The peaceful demonstrations come almost a full year after the nationwide protests for the death of George Floyd.

LITTLE ROCK, Ark. — Peaceful protestors took over the steps of Little Rock City Hall Saturday to demonstrate after the deaths of Daunte Wright and Adam Toledo.

"I won't read all the names cause there's so many names," a woman speaking to the crowd of 60 plus, said. "How many names have been, how many bodies are in the ground now, and we don't even know their names?"

It's a sight we've seen a lot over the past year in the wake of the death of George Floyd. It's a sight that Little Rock Pastor and Judge Wendell L. Griffen has seen all to many times.

"Dr. King was out here, Malcom X was out here, the Black Panthers were out here," he said. "Stop talking about a few bad apples. A system that produces bad apples is a bad system."

Little Rock Police set up barricades on the stretch of West Markham in front of City Hall for the crowds. A speaker said they had a permit for today's event.

Griffen says to see this continue over and over again isn't just heartbreaking – it's horrible.

"It's one thing if this was something that couldn't be prevented, this is not an act of God," he said. "This is a human problem."

And human emotions were on display today. Many of the speakers spoke empathetically on the recent deaths. 

One man in the crowd, Ryan Davis, says those emotions are what drive him to keep coming out.

My faith compels me to continue to be hopeful," Davis said. "But my reality compels me to use my rage in constructive ways."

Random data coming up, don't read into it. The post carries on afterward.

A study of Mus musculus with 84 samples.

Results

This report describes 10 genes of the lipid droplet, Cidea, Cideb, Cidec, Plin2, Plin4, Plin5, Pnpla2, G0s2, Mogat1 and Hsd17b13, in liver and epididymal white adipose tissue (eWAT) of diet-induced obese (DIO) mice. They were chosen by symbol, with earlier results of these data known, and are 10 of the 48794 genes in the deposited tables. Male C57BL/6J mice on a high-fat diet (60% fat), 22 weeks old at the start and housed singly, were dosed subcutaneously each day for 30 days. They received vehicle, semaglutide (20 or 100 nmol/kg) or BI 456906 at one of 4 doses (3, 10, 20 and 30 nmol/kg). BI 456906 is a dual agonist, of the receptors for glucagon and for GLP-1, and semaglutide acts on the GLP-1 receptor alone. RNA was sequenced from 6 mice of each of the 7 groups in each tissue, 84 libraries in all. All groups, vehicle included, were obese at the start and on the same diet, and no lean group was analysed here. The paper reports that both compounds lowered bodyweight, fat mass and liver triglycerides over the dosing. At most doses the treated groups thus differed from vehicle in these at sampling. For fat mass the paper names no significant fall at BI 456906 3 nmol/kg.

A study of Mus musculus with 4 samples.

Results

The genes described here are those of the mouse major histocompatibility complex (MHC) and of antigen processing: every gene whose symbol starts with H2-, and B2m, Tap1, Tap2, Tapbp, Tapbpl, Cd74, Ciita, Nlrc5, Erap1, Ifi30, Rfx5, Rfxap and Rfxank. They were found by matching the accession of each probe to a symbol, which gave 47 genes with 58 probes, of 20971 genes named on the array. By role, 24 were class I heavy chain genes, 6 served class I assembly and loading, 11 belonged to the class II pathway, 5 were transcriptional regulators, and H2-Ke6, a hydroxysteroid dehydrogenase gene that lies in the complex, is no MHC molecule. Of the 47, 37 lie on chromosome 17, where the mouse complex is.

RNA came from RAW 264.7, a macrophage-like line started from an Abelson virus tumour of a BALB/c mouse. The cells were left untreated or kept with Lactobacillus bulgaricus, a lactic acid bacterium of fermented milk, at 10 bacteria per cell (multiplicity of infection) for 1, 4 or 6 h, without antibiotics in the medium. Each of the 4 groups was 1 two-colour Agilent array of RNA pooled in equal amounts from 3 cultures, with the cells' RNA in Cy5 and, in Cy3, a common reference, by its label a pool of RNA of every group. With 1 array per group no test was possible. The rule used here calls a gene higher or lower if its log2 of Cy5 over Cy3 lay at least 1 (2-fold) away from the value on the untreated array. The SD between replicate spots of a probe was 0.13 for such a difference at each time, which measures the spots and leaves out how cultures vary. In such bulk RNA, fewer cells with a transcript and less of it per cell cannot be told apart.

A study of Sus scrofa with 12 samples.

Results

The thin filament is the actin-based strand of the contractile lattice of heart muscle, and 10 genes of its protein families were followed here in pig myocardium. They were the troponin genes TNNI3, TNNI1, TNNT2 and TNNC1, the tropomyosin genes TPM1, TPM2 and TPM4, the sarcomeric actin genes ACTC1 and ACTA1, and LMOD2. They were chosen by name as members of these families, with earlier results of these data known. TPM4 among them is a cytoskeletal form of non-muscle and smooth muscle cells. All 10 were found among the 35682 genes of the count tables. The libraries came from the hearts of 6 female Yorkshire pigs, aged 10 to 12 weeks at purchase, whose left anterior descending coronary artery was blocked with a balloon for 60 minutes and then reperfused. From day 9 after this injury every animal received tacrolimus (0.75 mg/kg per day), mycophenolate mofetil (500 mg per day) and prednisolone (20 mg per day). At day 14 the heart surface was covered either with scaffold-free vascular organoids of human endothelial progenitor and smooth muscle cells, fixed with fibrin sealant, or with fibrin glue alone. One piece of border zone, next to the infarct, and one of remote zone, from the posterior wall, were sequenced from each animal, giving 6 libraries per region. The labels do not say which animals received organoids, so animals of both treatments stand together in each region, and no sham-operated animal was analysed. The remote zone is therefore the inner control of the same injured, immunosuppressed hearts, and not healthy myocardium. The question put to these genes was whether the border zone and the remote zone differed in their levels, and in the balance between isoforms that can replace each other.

After decades of protests like this, it's hard not to feel tired. It's the same issue, just different faces.

"Justice dies under the cover of darkness, and I'm glad that folks are bringing these issues to light," Davis said.

Over the past year, we've learned there is no easy answer to these incredibly difficult questions.

But there's places to start.

"Ways that we can convince folks in positions of power that we have a coalition of people who want these same particular things," Davis said. "We can move the conversation past committees and study groups and focus groups and we can get some real results."

It's a thought echoed by Griffen.

"You knock the wall down, and you begin to build a new wall, straight," he said. "You cannot fix a crooked wall by building it."

In attendance today were multiple people armed with both handguns and rifles. Some were security for the demonstrators, while others were pointed out as possible counter protesters. 

Saturday's event remained peaceful the entire time people were out.